Richard III, Shakespeare Theatre Company

Who is Richard III, really? There's the historical figure, of course, the one untimely ripped from the foundations of a parking garage in Leicester a few years ago, a king that probably wasn't so bad as popular imagining would have him be. And there is, of course, the source of that image, created by Shakespeare and beloved of audiences since the sixteenth century. Shakespeare gives us a deliciously theatrical character, equal parts historical person, medieval Vice figure of the morality plays, and original creation, capable of lying and cheating his way into power but not of holding onto it. And then of course, every production of Shakespeare's play must make its own judgement of who Richard is, forged by directors, actors, and designers. 

As Michael Kahn's final season at the helm of the Shakespeare Theatre Company begins to wind down, it's David Muse who has taken on the challenge of defining this newest Richard, and actor Matthew Rauch who embodies him on the Harman stage. This Richard is cinched into braces and specially tailored shirts, cool and calculating, and this Richard III, unfortunately, is more concerned with staging the violent results of Richard's machinations than exploring the man himself.

Photo of Matthew Rauch as Richard, Duke of Gloucester in Richard III by Scott Suchman.

The production pulls all of the violence that Shakespeare leaves unseen onto the grisly operating theatre of a set by designer Debra Booth, turning the play into a cavalcade of macabre horrors as we watch stabbings, drownings, shootings, beheadings, strangulations, and more as the ensemble swarms around in a murder percussion chorus. The tension of the play becomes a bloody slouching towards ruin, and Muse's cuts to the text take away from the nuance of the play. So much is cut that it seems Muse felt that supertitles were necessary to keep the audience on track with the who's-who, except that they have a tendency to appear literal moments after a character tells the audience exactly who is about to enter. "Look, here comes the queen, Elizabeth!" is followed by the anvil of "ELIZABETH, QUEEN OF ENGLAND" as soon as the actor walks onstage to the accompaniment of blaring electric guitars and bass. Shakespeare does the work for us, so why doesn't Muse trust the audience to follow?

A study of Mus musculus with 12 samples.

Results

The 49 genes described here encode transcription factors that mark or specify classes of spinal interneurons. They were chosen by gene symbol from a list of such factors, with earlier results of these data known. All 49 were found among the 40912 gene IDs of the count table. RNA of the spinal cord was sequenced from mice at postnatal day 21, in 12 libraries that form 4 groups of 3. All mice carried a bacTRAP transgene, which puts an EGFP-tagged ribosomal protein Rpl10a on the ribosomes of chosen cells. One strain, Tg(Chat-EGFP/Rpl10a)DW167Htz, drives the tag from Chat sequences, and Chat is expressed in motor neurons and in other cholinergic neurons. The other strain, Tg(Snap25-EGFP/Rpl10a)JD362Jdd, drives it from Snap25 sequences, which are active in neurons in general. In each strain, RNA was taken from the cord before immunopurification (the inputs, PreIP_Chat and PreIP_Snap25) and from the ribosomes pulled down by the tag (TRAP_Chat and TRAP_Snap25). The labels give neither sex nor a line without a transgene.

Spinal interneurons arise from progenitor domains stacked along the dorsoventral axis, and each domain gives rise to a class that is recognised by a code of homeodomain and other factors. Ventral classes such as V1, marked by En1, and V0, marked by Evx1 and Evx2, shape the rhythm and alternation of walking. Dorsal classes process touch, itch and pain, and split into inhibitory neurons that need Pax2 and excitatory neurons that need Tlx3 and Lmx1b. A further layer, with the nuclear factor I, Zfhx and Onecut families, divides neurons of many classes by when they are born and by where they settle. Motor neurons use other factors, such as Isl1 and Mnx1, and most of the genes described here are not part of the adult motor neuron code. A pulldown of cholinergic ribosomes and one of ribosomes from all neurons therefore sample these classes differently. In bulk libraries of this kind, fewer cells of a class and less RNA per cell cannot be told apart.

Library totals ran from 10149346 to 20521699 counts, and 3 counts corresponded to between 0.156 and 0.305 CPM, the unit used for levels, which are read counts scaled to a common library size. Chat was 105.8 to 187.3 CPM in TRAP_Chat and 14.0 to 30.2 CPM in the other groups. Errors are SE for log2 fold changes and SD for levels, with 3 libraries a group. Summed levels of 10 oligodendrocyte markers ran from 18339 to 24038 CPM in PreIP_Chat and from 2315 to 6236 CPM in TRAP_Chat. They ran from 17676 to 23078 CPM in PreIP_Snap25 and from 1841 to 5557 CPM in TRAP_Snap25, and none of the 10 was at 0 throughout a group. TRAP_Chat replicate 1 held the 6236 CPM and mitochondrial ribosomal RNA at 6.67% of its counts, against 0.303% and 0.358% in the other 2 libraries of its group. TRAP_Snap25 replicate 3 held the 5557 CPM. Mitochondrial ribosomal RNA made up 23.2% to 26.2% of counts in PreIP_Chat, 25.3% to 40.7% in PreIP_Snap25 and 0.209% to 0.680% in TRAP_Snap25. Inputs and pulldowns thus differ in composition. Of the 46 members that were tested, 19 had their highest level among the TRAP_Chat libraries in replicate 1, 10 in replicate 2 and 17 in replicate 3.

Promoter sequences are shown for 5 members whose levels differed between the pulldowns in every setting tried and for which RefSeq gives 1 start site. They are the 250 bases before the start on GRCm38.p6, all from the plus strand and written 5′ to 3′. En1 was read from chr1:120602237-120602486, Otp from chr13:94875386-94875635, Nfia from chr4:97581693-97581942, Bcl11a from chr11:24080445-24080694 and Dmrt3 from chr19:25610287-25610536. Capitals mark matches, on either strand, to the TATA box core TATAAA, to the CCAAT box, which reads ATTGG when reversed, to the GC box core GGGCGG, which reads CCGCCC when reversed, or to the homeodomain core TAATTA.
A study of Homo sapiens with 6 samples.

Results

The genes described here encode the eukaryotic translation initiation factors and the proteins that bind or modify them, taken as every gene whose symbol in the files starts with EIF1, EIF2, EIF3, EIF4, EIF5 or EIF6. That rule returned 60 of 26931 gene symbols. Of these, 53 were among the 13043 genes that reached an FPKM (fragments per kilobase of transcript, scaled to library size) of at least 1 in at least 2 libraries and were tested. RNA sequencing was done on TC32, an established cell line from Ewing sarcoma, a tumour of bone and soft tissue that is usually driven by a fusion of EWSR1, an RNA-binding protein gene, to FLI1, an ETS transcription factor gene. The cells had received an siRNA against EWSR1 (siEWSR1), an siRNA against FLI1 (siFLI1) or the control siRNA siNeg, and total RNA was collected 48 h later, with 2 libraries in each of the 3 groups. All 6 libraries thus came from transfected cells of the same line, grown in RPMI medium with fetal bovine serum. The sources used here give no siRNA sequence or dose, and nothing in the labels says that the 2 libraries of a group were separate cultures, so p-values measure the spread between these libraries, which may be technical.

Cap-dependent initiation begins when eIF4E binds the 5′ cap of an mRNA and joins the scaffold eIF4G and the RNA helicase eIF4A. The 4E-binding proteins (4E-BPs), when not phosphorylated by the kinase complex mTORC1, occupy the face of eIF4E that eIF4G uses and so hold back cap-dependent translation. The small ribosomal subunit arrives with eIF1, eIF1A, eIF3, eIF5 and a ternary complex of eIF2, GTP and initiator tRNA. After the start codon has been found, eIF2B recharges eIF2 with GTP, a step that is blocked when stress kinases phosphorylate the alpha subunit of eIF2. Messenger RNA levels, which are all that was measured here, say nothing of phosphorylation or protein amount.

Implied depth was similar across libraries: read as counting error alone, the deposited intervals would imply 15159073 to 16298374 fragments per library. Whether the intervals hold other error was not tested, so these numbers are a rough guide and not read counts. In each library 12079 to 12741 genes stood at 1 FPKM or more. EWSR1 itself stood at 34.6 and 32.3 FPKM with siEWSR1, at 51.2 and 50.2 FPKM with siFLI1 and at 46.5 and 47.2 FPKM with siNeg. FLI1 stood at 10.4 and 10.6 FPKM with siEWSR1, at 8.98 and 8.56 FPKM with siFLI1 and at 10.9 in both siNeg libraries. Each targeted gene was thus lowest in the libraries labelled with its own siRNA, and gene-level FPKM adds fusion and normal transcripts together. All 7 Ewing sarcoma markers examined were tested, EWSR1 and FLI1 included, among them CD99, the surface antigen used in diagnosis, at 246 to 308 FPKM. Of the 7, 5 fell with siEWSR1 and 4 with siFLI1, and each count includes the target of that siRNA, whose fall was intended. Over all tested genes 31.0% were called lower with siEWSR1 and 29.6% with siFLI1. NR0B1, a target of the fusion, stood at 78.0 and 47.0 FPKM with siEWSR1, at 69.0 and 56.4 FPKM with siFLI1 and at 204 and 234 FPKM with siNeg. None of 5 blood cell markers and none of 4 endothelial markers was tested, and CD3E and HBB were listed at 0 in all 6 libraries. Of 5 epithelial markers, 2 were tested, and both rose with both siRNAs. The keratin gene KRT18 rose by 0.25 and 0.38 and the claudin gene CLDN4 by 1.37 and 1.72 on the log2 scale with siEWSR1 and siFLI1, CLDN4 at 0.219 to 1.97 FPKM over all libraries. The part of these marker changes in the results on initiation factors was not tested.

Photo of the cast of Richard III by Scott Suchman.

Were Rauch given more reign to center the play on his Richard, we might come away with a different experience of this Richard III. The relationship between Rauch's Richard and disability is interesting, with a primary emphasis on the aesthetics of costume designer Murell Horton's braces that shift from signifiers of disability to fetishistic power and in-grouping. It's a fascinating shift, but one that we don't take time to explore in the production beyond the visual, with the exception of one brief scene of vulnerability near the very end of the production. This glimpse of the man behind the murderer is riveting, and I wish there was more time for it. Rauch is also supported by an excellent ensemble, with standout moments by Lizan Mitchell as Margaret of Anjou and Derrick Lee Weeden as Lord Hastings.

This Richard III is a horror play about violence and its effect on those who partake and those who have to navigate a system of power that fetishizes it.  When Evelyn Spahr's Richmond arrives, it feels like a breath of fresh air wafting through the grimdark parade.  Shakespeare's text wants us as an audience to reckon with why we so enjoy Richard's villainy, but Muse's play has a certain smugness as it demands that we confront each violent act of slaughter--do we want to keep watching now? How about now?? Unfortunately, my answer was, not really, no.